NLTK cannot out of the box, but if you are looking for some related research on that area, take a look at this paper on Offensive Language Detection. The same methods could be adapted to detect comments which are not offensive/unoffensive, but instead happy/unhappy. The primary software package being used in this project for text classification is called WEKA and uses multiple classifiers, trained on previous examples, to determine whether language is offensive or not (and in this method uses a tunable threshold).



As a cheap example:

I really enjoyed using your paper to train my dog.

Parse that up with NLTK and you can get

[('I', 'PRP'), ('really', 'RB'), ('enjoyed', 'VBD'), 
 ('using', 'VBG'), ('your', 'PRP$'), ('paper', 'NN'), 
 ('to', 'TO'), ('train', 'VB'), ('my', 'PRP$'), ('dog', 'NN')]

Where the parse tree would tell me that 'enjoyed' is the central (past-tense) verb of the simple sentence. To enjoy something is good. To train something is generally a good thing. Gerunds, nouns, comparatives, and such are relatively neutral. So give this a Good score of 0.90.

Except I really mean that I either hit my dog with your paper or let it excrete on the paper which you'd probably consider a not Good thing.

Hire a person for this recognition task.

Added for those who imagine that even trained classifiers are of much use:

Classify this real entry from a real customer review corpus using any classifier you like trained on any dataset you like:

This camera keeps on autofocussing in auto mode with a buzzing sound which can't be stopped. It would be really good if they have given an option to stop this autofocussing. If you want to have the date and time on the image, it's only through their software which reads the image's date and time from the image's meta-data. So if you use your card reader and copy images - you got to once again open them through their software to put the date and time. In that too, there isn't a direct way to add date and time - you got to say 'print images' to a different directory in which there is an option to specify the date and time . Even the slightest of the shakes totally distorts your image. Indoor images weren't so clear. You got to have flash 'on' to get it even though your room is well lit. The lens cap is a really annoying. the movie clips taken will always have some 'noise' in it - you can't avoid that.

The worst mood classification I obtained was "totally equivocal" yet humans can easily determine that this is anything but complimentary. This wasn't a randomly picked datum, rather one that was selected for negative bias without "hate" or "suxz" or similar.

I wouldn't say this is beyond NLTK. My first thought was sentiment analysis, which you linked to. Given a sizable training corpus, you could train a classifier to give you a decent approximation of "mood". – Cerin Aug 12 '10 at 12:07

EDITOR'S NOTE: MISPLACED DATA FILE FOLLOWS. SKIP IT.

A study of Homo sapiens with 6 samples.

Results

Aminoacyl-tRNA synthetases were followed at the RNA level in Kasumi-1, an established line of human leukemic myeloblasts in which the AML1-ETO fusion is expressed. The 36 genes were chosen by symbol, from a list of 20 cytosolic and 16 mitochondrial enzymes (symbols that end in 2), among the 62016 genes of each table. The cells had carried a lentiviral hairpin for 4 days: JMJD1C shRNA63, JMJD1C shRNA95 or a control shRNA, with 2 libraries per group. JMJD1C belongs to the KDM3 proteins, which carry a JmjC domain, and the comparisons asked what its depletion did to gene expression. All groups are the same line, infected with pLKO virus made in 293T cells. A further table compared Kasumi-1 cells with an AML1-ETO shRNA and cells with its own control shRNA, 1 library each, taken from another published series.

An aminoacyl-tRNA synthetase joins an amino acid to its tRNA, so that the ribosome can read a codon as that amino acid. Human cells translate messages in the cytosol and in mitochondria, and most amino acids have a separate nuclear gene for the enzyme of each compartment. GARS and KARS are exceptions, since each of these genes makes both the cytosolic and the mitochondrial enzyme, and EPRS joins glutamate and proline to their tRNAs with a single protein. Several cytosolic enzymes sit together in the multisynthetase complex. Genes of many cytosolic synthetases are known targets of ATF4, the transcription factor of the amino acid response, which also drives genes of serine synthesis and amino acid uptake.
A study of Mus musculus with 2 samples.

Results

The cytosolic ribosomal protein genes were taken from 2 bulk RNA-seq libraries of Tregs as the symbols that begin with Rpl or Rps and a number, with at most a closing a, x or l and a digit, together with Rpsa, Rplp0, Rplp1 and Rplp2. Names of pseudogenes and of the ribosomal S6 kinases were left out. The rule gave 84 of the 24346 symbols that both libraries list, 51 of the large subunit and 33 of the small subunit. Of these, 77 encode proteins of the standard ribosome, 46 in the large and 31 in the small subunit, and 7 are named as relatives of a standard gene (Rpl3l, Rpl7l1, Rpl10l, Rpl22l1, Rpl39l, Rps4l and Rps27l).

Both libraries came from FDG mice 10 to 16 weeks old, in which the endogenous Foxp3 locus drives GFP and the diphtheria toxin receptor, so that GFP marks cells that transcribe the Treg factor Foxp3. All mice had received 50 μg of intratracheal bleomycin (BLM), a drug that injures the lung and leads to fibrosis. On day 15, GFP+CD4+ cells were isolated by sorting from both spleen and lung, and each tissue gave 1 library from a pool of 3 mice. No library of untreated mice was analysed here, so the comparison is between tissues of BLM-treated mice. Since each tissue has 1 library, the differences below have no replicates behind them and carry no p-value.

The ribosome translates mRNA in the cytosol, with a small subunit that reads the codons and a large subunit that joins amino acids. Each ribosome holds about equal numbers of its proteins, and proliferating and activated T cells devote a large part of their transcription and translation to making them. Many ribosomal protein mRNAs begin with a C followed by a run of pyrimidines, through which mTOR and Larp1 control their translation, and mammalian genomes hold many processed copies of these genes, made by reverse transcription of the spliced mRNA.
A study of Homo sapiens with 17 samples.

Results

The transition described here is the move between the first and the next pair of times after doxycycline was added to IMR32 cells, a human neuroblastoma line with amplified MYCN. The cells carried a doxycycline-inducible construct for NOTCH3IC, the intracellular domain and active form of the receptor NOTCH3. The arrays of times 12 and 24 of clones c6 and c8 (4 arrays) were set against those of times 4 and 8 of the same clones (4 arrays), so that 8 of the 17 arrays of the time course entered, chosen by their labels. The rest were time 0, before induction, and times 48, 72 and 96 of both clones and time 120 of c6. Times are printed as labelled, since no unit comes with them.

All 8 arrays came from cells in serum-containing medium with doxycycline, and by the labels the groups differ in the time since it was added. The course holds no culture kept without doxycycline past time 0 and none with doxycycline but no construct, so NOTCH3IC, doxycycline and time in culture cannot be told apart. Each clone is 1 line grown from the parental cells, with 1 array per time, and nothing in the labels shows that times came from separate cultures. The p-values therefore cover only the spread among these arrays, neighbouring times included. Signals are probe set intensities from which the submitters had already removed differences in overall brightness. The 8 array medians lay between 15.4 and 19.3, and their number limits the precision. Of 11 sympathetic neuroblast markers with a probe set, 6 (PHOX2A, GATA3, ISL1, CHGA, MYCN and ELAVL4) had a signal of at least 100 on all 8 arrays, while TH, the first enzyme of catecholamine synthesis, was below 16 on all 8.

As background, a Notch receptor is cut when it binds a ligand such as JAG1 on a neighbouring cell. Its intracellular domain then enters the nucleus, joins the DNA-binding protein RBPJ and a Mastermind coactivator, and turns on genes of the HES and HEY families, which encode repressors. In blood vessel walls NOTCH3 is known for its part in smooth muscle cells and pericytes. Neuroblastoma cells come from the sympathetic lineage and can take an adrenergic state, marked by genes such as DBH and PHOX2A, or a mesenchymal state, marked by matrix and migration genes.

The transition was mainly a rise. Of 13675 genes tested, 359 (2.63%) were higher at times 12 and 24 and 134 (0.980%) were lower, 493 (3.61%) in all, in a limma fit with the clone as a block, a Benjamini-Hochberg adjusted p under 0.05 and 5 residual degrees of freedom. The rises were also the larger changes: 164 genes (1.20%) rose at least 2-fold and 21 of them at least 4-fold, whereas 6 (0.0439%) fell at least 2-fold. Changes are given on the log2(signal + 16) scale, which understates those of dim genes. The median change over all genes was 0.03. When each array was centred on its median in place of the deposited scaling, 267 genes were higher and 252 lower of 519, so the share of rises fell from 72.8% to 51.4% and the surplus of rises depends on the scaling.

@Chris S: But that is not what the question asked; it asked for a simple example for which there are none. Even classifiers fall down on real textual input as the various corpora linked to by Wikipedia. For a domain where simple declaratives are still troublesome, coping with nuance, sarcasm, implication, and damning with faint praise is really hard. – msw Aug 12 '10 at 12:34
You may be overcomplicating the question. He's not asking about identifying nuance, sarcasm, etc. He's only interested in the vague boolean labels of "happy" or "upset", which he can easily define by manually tagging a sample of sentences. I agree, this might not be "trivial", but I wouldn't call it impossible either. – Cerin Aug 12 '10 at 13:16
You seem to be talking theoretically and the difference between theory and practice in theory is less than the difference between them in practice. If you doubt, get a real corpus and try it yourself; if you reliably achieve better than random chance with novel inputs, write it up and get a PhD. – msw Aug 12 '10 at 14:31

You're looking for a technique that uses a machine learning classifier to determine whether a piece of text is positive or negative. There have been various different attempts at this by a number of research teams (e.g. and we can get about 80% to 90% accuracy at determining whether a product review is positive or negative.

Due to the brevity of your question, it's not obvious to me whether determining whether a product review is positive or negative is the same task you're trying to accomplish, or merely a related task, but I'd suggest starting simple with bag-of-words classification with a Bayesian classifier (which NLTK should be able to handle), and then improve your techniques from there depending on how the accuracy turns out.

Unfortunately, I've never used NLTK (nor Python for that matter) so I can't give you a code example of how to use NLTK for this.